Football and Financial Planning
February 15th, 2017
By Scott Sarber, President
Football requires a team effort with specialists at each position, and a coach to help the players at each position learn to win as a team. The coach also does research on the opposing team to develop a game plan; the strategy that needs to be deployed to get a win. The game plan will play to the team’s strengths while identifying and trying to take advantage of the opposing team’s weaknesses. During the game, the coaches are calling plays as they adjust to what is taking place on the field. Similarly, financial planners adjust their client’s financial affairs as tax laws change, new investment products get introduced to the market place, global markets expand and contract, and their goals change.
As financial planners, we often play the role of the coach to the client, who closely resembles the team. The team has goals. Instead of winning football games, the goals might be to “retire comfortably” or “have financial peace of mind”. The planner helps the client with the game plan. They know all aspects of the client’s financial situation, and take advantage of their strengths (such as ability to save) and mitigate their weak spots (such as being under-insured). They utilize their financial wisdom by diversifying investments around the world in a cost efficient and tax efficient manner. They make investment decisions for the long-term, and they are aligned with the client’s goals. Even when the fans may not be convinced that the coaches are calling the right plays, the coach is confident in what decisions should be made.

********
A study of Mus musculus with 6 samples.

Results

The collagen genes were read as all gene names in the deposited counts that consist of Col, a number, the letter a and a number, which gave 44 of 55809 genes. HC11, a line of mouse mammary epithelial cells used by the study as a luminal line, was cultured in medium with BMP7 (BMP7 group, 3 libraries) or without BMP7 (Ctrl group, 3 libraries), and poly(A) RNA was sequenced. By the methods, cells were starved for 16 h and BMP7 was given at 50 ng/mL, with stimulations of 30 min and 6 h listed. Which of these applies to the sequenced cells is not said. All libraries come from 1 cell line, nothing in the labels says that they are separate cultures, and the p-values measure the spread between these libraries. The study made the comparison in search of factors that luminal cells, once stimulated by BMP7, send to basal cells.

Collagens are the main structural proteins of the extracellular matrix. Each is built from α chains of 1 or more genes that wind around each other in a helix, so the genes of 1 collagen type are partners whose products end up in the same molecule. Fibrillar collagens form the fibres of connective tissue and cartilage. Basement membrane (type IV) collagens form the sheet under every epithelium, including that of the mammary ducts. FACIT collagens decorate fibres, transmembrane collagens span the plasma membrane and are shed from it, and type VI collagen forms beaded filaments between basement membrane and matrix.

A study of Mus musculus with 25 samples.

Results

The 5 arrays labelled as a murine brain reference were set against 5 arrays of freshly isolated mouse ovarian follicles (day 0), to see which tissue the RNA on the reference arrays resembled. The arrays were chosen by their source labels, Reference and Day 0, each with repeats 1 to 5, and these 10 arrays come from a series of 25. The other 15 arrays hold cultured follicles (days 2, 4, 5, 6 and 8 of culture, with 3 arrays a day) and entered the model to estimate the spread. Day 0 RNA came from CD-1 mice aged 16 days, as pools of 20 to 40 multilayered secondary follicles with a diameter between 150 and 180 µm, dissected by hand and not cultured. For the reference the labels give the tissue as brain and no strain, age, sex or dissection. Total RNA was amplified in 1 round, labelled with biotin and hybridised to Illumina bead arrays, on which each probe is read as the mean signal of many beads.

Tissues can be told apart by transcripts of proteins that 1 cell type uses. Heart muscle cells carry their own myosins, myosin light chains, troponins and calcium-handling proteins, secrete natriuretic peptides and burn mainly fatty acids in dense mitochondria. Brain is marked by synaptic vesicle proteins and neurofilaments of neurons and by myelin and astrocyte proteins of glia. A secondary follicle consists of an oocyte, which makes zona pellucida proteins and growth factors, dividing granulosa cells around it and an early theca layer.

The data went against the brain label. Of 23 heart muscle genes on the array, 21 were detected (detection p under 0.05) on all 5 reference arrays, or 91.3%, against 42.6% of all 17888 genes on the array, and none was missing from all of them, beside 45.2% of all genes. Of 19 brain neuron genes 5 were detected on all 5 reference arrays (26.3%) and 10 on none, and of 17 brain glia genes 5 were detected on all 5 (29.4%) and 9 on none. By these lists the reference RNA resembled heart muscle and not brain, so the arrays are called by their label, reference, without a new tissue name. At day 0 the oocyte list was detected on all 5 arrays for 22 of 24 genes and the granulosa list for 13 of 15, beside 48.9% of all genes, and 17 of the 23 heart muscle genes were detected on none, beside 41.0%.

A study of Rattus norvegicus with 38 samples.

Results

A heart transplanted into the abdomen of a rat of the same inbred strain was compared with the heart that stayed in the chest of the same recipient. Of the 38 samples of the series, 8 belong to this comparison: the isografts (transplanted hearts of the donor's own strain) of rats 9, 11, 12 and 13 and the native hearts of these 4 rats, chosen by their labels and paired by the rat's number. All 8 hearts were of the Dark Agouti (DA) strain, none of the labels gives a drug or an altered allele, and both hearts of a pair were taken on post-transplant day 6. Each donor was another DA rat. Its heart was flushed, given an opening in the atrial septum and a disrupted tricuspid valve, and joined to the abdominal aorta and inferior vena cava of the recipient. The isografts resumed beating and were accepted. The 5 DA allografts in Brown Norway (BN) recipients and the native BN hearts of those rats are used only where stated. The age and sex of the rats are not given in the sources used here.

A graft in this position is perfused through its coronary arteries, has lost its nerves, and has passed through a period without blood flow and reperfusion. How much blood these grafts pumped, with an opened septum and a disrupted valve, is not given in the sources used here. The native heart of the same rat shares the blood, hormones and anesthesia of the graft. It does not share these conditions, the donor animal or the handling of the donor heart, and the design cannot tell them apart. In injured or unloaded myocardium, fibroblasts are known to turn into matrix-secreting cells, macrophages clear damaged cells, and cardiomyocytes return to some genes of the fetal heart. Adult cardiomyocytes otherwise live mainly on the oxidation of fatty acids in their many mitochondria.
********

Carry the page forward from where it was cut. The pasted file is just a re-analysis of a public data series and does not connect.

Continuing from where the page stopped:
The individual position players represent the other professionals that are also necessary in financial planning, such as insurance, legal, investment, tax, trust, and banking professionals. They know the client’s goals, and they develop the financial plan to help the client “win”. These professionals must be skilled in their profession. The Seahawks missed their free safety – Earl Thomas, who is on injured reserve, because hey are not as good of a team without him on defense. The same applies in complicated financial planning. Competent professionals can ultimately save clients hundreds, thousands, or hundreds of thousands of dollars!
The Seahawks, unfortunately, did not get to enjoy home field advantage. They had to block out the noise of the crowd. It is also our job as financial planners to help clients block out all of the noise of the financial markets. Every day there are political or economic reports that either promote the “next great investment” or the “stock market is going to collapse”. The planner spends significant time communicating with the client about how to block out this noise, and not let it be a distraction to the plan.
At Petersen Hastings, we help clients develop a financial plan that will help them achieve their goals. We outlay an investment plan that will help our clients maximize after tax returns given their specific risk levels. We work collaboratively with their other professional advisors to make sure their insurance, estate, and tax planning are working together. We also make adjustments along the way to ensure they are taking advantage of all of the changes that might affect the plan – including changes to their goals. We do all of this because they are the best practices in our industry… and because we care about our clients achieving their goals!
As the Seattle Seahawks were preparing for a Divisional Playoff football game against the Atlanta Falcons, I was thinking about how similar football and financial planning are.